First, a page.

The LA Times Health section featured an article by Greg Miller on Friday which summed up current research on keeping our brains healthy and fit throughout our lives. According to the article, a panel of experts assembled by the National Institutes of Health earlier this year reviewed the scientific literature on cognitive aging. They concluded that regular, consistent mental workouts, physical exercise, social interactions, and attention to cardiovascular health are critical to keeping mental edge as we get older. The regular and consistent part turns out to be extremely important. We already know that quick fixes don't work with exercise or diet. Now it's clear that regular workouts for our brains are also important. Marilyn Albert, a cognitive neuroscientist from Johns Hopkins University summed it up:
"The fab four. . . are physical activity, mental activity, social engagement and cardiovascular health." And researchers say, there's very little difference between men and women in the cognitive aging arena.
Denise Park, another respected researcher in aging and cognition from the University of Illinois adds that it is very important to learn new things with new challenges instead of getting stuck in the same old rut. If you already play the flute, take up a language. If you love cooking, try gardening, too, etc. The message: stay active, physically and mentally, and continue to challenge yourself to stay fit.
Lately in several articles about keeping the brain fit as we age, Dr. Timothy Salthouse has been quoted as the contrarian, based on the large study called A.C.T.I.V.E, that he led. He concluded that mental training is not particularly helpful.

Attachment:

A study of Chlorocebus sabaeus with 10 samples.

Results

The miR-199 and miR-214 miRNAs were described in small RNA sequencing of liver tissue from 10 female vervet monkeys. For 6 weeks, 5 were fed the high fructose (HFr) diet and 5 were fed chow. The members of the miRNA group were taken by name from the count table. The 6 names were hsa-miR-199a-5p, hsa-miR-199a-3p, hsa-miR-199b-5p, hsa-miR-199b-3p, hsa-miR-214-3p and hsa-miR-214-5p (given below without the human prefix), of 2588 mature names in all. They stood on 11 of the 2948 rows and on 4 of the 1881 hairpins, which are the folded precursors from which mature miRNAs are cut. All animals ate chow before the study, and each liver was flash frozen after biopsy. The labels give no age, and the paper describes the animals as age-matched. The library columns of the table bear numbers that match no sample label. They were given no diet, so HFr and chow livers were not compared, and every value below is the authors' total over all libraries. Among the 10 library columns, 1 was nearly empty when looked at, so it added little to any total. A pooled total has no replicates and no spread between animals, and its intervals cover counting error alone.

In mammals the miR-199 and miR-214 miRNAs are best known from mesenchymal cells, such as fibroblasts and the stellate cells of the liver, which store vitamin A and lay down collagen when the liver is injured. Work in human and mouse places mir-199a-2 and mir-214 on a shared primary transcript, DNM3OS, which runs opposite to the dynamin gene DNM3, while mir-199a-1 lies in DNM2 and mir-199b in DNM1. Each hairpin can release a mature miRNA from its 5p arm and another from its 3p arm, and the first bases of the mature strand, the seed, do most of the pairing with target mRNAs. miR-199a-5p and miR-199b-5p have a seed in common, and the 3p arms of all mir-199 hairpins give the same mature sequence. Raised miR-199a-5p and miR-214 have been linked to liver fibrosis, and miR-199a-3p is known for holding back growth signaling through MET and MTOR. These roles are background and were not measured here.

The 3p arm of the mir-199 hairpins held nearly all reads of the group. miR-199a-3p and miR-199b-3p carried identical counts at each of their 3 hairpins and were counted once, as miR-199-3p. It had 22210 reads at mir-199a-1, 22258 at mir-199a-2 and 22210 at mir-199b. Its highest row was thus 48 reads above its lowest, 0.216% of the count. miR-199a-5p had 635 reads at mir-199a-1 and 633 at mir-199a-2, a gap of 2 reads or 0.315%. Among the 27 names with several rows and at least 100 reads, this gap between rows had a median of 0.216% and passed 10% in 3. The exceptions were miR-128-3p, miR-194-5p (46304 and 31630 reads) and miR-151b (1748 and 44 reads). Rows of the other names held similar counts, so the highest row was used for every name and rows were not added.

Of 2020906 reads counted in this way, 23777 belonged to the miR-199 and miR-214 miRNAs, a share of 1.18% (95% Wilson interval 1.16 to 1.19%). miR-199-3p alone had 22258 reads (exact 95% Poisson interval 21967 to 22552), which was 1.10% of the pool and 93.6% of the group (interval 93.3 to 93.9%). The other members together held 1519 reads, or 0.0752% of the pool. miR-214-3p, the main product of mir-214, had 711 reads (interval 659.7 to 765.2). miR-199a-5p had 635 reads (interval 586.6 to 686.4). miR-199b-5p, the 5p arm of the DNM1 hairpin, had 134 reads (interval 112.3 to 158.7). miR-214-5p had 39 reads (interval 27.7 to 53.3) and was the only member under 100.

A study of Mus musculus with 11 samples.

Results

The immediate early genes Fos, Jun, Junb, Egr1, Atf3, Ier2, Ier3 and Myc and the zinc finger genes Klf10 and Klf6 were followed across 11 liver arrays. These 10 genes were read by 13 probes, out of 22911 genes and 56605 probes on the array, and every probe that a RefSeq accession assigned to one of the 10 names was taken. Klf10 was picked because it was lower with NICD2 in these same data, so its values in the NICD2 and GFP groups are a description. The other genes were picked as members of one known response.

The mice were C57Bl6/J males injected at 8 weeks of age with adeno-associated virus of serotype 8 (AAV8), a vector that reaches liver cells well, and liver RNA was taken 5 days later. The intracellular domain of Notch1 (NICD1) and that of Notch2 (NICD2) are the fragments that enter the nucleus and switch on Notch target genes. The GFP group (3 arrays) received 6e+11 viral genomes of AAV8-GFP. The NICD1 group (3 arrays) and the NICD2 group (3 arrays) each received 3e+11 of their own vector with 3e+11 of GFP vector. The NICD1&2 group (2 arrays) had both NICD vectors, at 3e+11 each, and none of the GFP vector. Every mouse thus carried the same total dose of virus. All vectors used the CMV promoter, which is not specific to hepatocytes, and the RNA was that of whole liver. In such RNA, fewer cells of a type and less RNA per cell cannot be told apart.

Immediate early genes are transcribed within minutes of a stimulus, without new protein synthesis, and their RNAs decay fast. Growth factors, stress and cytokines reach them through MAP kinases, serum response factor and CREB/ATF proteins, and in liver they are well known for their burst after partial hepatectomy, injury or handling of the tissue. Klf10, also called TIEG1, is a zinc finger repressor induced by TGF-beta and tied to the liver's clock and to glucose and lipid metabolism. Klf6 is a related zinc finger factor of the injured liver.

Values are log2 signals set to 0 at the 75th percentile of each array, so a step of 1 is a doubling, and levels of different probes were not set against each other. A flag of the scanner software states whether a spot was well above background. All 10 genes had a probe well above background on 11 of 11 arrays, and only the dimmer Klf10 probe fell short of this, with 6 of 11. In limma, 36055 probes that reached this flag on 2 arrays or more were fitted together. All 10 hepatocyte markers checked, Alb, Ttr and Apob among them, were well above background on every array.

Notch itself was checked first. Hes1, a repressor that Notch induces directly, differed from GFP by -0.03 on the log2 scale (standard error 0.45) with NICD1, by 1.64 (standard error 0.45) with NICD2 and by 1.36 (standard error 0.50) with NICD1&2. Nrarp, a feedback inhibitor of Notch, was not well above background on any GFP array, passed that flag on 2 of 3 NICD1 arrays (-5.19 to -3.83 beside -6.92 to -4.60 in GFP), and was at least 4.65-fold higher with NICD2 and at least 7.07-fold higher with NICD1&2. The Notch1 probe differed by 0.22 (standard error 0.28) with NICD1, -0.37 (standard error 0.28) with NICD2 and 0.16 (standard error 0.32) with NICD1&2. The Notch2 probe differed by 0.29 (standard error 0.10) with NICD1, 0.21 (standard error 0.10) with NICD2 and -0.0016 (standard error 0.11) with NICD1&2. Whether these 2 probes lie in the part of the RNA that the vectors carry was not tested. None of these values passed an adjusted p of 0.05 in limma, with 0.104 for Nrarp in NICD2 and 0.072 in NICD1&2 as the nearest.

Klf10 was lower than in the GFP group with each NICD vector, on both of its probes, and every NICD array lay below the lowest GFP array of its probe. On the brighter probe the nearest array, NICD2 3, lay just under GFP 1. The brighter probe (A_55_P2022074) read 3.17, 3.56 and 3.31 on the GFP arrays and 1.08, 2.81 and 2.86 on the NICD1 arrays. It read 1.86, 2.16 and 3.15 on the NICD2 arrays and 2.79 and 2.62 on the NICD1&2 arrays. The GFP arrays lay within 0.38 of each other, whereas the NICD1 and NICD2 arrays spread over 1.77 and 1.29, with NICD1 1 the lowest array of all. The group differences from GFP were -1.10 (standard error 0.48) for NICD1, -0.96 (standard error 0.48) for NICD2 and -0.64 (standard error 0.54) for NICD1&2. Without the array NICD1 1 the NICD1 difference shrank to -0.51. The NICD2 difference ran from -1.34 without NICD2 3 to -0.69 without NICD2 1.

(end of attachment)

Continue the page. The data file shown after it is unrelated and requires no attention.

I think it's very important to look at the A.C.T.I.V.E research design to be able to understand why Dr. Salthouse is as negative as he is, at least in the soundbites from newspaper articles. The study lasted for 24 months and tested specific intervals of training in a group of men and women between the ages of 65 and 94. Three of the four groups received ten sessions stretched over several weeks of 60-75 minutes each of training on a particular cognitive skill like reasoning, memory, or processing speed. Then 11 months later, they got three more hours of training (called booster sessions).
The groups were tested three times: after the first set of sessions, after the Booster, and then 24 months after the first sessions. They found a decline in each of the skills at the second and third test points.
In other words, Salthouse et al. found that quick fixes don't work. Why does this surprise anyone? If I don't speak French for a year or two (even with three hours of study in between), my French is less than it used to be. If I speak and study regularly and consistently, I notice that my fluency improves dramatically. Same thing with piano playing, with Sudoku, bridge, and practically any other pursuit that involves my brain that I can think of. Regular practice makes me better and faster at the task at hand. If I don't practice, I slow down. Sounds remarkably like what happens when I don't cycle or swim for a few weeks. I have to work on retraining my muscles and my breathing.